As I mentioned in my last blog post, Marco and I went to Dordrecht about a week ago to do a stadswandeling in Dordrecht (that’s a walk around the city). After that was done, we doubled back to visit Voorstraat. People say Voorstraat is the longest shopping street in the Netherlands. Of course, such an achievement does come with a price in today’s economy: there are some empty stores. Not a lot, but enough to be noticeable.
Of course, what makes it even more noticeable is when someone adds graffiti to each of the shop windows to point out that it is empty:
Here’s an idea for this empty store: a popup cafe with free wifi!
Some graffiti points out the fact that the store has been empty for over three years. But the main purpose of it is to point out what the store could be used as (apparently if the city government cared enough to do something about it – I suspect it isn’t as easy as the graffitist hopes, though). But other ideas for popup stores (always illustrated by graffiti) include music stores, bike rental stores, and a biological store.
More information about the graffiti and pictures can be found here (in Dutch).
Something cute hanging out by the door of a non-abandoned (just closed at the time) store:
Tags: Dogs, Graffiti
Marco and I took the day off on Friday and we decided to visit Dordrecht, a small town outside of Rotterdam (the credit goes to Marco for the idea of what to do).
Dordrecht, just under the red “Zuid Holland”
It is about 35 to 40 minutes by train traveling from The Hague. We did a walking tour of the city (Rondje Dordt – page in Dutch) which was about 3km long and showed the sights of the city.
Here are some of the photographs that we took along the way:
Photograph of Holland Spoor, one of the two train stations in The Hague
The Hague is slowly but surely getting new bus and tram shelters!
Here is a photo of one of the old tram stops being removed (while buses, trams and traffic in general ride past just a few feet away!). You can see the old stop being moved in the air, including the stone base underneath.
Here is a look at the new design being used (link).
But when you find yourself at one of the new designs, make sure you look up at the roof, as the design is uniquely The Hague:
The symbol of The Hague is the ooievaar (stork). Very pretty!
Someone left an apple in the work cafeteria over the weekend apparently. It sat there all morning and afternoon. Late in the day on Monday, someone had taken the opportunity to write a note:
The note says: “Is this Apple device awaiting an upgrade?”
As most of you know, Apple held their Apple Watch event on May 9th. I never was one to wear watches – I am sure I did at some point as a kid but it wasn’t a habit. So that part didn’t really have my attention. But at some point I checked the website and realized they were announcing a new 12″ Macbook. I am on the market for a new device sometime later in the year, and have been considering switching to a Mac for a while. Scandalous, I know.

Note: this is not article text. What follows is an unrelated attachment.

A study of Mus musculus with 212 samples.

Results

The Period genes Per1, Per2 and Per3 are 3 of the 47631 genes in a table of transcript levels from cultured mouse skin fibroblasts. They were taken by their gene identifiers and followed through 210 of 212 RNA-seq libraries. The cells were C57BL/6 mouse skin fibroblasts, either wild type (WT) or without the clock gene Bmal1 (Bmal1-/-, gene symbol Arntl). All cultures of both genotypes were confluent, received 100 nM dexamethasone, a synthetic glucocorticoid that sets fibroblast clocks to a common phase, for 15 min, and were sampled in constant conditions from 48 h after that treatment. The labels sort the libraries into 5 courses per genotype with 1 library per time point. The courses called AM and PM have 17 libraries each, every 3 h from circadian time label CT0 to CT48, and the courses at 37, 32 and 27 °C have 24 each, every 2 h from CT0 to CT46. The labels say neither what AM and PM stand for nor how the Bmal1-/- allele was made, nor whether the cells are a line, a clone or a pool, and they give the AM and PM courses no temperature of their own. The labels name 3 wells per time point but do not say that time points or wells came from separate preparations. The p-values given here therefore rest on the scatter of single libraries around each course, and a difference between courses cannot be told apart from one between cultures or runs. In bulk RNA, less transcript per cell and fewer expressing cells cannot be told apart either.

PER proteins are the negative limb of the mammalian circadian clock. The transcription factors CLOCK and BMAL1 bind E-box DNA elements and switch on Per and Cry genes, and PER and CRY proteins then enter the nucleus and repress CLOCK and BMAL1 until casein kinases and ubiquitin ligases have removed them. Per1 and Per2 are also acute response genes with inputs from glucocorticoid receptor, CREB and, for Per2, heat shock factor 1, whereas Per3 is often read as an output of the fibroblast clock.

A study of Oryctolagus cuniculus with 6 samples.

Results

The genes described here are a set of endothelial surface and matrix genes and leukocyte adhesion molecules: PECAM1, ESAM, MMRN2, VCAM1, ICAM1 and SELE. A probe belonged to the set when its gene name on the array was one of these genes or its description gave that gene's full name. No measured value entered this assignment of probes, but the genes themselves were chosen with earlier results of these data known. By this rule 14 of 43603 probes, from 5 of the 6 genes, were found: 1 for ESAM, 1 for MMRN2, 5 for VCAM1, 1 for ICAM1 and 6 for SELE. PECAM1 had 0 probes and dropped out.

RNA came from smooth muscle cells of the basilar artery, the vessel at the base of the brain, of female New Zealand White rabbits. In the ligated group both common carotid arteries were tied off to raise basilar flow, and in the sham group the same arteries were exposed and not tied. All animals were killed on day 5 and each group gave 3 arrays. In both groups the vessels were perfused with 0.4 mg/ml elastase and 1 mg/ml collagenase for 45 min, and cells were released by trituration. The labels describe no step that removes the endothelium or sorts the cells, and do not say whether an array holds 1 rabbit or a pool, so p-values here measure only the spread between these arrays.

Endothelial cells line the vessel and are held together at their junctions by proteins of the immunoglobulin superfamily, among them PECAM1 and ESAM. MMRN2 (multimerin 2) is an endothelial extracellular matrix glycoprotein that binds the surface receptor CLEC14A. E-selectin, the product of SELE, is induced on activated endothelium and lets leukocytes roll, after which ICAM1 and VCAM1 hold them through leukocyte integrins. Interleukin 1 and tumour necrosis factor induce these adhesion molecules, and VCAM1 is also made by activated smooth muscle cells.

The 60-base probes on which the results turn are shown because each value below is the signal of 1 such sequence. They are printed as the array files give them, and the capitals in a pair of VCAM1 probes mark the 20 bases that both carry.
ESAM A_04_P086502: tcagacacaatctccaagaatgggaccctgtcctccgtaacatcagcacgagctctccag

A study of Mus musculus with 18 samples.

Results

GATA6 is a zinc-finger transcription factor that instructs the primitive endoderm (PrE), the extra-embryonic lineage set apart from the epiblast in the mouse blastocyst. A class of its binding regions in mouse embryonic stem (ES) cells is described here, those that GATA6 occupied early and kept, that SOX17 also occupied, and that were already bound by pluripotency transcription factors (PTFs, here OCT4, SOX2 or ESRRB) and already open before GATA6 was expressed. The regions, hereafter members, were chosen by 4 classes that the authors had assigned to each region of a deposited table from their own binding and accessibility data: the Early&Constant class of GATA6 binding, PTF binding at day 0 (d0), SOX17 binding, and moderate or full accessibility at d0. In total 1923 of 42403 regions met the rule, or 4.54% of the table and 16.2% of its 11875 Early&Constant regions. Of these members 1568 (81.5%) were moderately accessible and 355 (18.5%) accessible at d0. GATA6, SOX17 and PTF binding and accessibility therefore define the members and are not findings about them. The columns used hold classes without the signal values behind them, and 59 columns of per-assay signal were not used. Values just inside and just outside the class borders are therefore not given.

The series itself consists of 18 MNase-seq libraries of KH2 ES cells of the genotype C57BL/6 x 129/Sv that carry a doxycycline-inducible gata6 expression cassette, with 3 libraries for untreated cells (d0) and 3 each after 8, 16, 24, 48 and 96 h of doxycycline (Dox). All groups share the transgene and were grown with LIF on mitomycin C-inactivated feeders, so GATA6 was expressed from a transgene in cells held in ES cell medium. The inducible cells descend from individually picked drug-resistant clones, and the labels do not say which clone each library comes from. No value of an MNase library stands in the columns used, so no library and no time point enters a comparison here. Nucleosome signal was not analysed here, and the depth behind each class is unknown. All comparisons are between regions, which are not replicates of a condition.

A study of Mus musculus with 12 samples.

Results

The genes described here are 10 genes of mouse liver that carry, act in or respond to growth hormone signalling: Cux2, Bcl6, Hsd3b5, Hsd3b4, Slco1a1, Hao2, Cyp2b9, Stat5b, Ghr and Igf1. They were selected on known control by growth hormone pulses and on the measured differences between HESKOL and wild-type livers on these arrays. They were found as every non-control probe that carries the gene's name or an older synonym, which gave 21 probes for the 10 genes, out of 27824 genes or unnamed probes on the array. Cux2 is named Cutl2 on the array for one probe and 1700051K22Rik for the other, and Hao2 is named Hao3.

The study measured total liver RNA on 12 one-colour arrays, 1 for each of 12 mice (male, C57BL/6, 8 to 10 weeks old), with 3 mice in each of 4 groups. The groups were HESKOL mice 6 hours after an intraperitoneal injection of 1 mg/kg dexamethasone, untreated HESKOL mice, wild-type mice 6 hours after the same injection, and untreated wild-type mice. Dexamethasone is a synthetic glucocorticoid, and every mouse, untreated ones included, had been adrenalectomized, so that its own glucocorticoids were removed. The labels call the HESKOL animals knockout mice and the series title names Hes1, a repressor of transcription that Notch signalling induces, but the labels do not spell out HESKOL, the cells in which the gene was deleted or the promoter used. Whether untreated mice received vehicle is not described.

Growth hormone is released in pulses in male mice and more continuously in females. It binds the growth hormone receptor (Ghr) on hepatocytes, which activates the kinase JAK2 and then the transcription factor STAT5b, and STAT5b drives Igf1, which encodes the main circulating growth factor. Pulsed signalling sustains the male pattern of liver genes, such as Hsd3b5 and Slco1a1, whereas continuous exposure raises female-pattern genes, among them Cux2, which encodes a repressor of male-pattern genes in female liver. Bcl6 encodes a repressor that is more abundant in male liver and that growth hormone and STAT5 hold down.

However, after doing some research I decided to forego this particular model. It prioritizes form over function. Don’t get me wrong – it is an amazing laptop with a full sized keyboard and retina screen (2304 x 1440), as well as being ridiculously light (under 2 pounds/1 kilo) and thin (13.1mm). But the main thing I am looking for is a decent gaming laptop — not great, mind you — and the processor inside the Macbook is Intel’s Core M processor which is a few years out of date. It’s actually a step back from last year’s Macbook Air’s processor, even.
And then there is the price in the Netherlands versus the price in America. In America you can purchase the lower-end model for $1,299. In the Netherlands, the same machine would cost you €1,499 (a difference of about €267 or $281). Wow.
So the hunt continues. And that’s just fine – I enjoy the hunt just as much as actually holding the product in my hands anyway.
If you are looking to make American-style cakes and desserts and happen to be in the center of The Hague, I would actually recommend visiting the Asian store underneath C&A (to the left of the C&A entrance you will see stairs leading downwards – see also this blog post with a photo).
Here is just a small sampling of the various Duncan Hines recipes they offer:
In total there are probably about 15-20 different types on offer at any point. German chocolate cake, red velvet cake, blue velvet cake, coconut surprise… Unfortunately the selection isn’t available in the webshop on their website linked above. Of course if you are desperate for American food there is also usfoodz.nl though it is definitely import prices.
As there is a large Asian population in the area (it is not far from Chinatown) the store is almost always crowded. But it is a staple if you’re looking for Asian food. There’s also a smaller store by the same name in the Markthof, across from the Hema entrance and close by Simonis, a fresh fish store, and “Flowers for you” (a flower shop, of course).
Yesterday Marco made soft baked pretzels. The recipe called for baking soda; you dip the pretzels in it before they are put in to bake. We knew that you could get baking soda at the local expat store (Kelly’s) but I was curious to see if it was available at any Dutch stores. While doing some Google searches I came across this article from Kiwidutch. I found out that baking soda is zuiveringszout in Dutch and it is more likely to be found at drug stores rather than the local grocery store. Oddly it is cheaper as an import item than at the local Dutch store…
On the way to the expat store we came across an interesting metal sculpture depicting two bicyclists in the rain (note the umbrellas).
click for a larger size
I just noticed the bicycle shop across the street (Top bikes), too. How Dutch!